Gunma Daruma Seizo Hanbai

Since the late 18th century, we have been manufacturing Takasaki Daruma dolls in Takasaki city, Gunma prefecture.  Takasaki Daruma is papier-mache dolls, and only a few manufactures produce Daruma from the base, we are one of them. Daruma craftsmen paint the face and put the letters on Daruma one by one with all their hearts, on making each one of lucky Daruma dolls to bring good luck to people who buy them.

As the feature on the face of Takasaki Daruma, noses and mustaches are represented by turtles, and eyebrows are represented by cranes. These two animals are the symbols of longevity in Japanese culture as the Japanese proverb says “The crane lives 1000 years, the turtle lives 10000 years”. Takasaki Daruma is also known as good-luck Daruma or lucky Daruma.

 Daruma is modeled after Monk Bodhidharma (Daruma-daishi in Japanese) who is accredited with the founding of the Zen Buddhism sect. He originally comes from the south of India and practiced at Shorin-ji in China. It is said that he stayed there for nine years, meditating facing a blank wall in a cave behind the Temple, then sacrificed his mobility. Daruma imitates the zazen (seated) posture of Bodhidharma.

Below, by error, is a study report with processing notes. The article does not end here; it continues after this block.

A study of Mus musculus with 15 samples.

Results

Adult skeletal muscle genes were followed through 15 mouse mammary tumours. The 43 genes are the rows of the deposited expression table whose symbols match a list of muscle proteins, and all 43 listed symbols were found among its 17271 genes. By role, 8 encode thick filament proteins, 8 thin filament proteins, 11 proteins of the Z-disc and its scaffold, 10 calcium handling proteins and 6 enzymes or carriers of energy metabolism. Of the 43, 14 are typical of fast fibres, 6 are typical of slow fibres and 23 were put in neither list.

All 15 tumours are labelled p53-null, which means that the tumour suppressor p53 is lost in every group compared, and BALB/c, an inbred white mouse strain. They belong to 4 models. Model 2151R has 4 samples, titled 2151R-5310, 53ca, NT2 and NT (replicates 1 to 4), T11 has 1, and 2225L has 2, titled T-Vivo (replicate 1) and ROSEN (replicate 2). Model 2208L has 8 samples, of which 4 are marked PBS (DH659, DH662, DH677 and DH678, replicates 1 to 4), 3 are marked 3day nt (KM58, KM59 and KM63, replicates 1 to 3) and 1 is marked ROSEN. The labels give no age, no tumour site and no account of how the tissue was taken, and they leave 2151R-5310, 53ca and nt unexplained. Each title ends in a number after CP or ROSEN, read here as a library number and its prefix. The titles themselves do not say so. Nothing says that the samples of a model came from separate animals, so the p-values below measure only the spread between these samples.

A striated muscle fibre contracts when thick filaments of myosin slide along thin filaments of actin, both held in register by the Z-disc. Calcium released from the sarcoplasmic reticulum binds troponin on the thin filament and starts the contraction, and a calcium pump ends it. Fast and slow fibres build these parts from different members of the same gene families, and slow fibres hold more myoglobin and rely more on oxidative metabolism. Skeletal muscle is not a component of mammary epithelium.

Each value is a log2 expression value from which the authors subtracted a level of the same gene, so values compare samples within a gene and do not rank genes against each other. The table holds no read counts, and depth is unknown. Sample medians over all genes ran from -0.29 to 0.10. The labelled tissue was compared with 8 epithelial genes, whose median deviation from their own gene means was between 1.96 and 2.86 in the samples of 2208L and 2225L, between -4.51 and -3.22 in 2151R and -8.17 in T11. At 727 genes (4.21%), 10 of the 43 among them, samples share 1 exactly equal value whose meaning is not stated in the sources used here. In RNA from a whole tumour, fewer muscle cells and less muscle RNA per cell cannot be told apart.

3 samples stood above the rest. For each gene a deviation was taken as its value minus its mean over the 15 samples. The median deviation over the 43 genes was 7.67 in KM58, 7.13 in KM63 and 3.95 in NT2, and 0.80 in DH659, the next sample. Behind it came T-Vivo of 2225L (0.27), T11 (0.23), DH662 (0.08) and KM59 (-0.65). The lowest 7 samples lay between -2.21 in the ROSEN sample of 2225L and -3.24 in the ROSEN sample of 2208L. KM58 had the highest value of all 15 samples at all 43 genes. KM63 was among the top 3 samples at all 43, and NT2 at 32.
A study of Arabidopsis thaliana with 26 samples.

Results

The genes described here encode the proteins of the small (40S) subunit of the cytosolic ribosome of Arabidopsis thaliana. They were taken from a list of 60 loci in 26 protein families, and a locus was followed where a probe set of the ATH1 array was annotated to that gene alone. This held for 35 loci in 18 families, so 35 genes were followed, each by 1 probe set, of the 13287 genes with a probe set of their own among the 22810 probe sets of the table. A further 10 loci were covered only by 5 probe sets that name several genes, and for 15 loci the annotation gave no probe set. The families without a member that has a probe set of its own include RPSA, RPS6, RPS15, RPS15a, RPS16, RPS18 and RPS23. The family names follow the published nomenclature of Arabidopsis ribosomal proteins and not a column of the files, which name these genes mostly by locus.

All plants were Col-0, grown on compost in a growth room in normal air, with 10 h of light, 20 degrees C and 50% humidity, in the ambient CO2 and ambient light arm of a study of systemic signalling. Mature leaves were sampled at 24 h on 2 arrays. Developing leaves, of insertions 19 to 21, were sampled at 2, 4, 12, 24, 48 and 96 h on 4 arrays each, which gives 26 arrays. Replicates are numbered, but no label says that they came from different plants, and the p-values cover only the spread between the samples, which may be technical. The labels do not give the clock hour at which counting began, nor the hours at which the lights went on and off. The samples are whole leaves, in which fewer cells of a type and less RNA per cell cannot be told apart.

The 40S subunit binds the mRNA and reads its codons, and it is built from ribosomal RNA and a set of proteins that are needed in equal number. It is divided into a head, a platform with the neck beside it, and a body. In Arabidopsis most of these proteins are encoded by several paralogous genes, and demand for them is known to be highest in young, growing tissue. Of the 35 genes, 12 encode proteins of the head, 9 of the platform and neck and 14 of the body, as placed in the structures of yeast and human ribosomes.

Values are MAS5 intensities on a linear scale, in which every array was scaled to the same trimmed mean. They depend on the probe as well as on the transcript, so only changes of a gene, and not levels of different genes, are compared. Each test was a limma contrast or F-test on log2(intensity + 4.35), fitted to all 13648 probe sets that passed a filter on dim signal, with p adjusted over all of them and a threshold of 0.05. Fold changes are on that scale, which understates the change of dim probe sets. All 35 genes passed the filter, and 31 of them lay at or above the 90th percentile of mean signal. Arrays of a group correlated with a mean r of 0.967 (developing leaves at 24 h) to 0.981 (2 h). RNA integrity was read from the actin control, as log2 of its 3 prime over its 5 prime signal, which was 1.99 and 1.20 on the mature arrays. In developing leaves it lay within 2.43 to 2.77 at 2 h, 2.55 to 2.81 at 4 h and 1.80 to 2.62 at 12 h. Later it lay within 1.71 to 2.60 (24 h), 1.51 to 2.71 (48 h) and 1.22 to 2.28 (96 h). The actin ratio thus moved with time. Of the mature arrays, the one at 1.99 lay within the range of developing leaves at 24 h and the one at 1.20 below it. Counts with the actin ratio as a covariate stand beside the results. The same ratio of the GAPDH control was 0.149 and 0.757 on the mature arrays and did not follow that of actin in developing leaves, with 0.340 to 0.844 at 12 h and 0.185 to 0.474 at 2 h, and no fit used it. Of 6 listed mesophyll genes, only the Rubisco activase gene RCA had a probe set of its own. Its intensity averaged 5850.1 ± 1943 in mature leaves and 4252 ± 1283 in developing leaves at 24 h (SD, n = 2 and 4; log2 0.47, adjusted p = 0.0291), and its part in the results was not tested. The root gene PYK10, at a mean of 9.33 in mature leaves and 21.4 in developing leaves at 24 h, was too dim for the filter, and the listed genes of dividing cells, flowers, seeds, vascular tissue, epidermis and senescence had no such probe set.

A Japanese proverb “Nana-korobi ya-oki “can be literally translated “If you tumble down seven times, stand up eight times.” (Life is full of ups and downs.) Attributed to Bodhidharma, this proverb has come to symbolize the perseverance of Japanese people. Since Daruma dolls are designed to return to the upright position if tipped over, they personify the spirit of “Nana-korobi ya-oki”.

 The reason why makes Daruma dolls very popular good luck charm is Kaigen, or the opening Daruma's eyes, is one of the best known folk ritual in Japan. When people first look for their Daruma dolls, they see that the eyes are purposely left blank. Once they have found a doll to their liking, the individual purchases it and entrusts their wishes to it. They do this by painting a black pupil in the left eye of Daruma. After the wish has been fulfilled, they show their appreciation by painting in the right eye. The English expression “having both eyes open" describes well the Japanese attitude towards success and wholeness.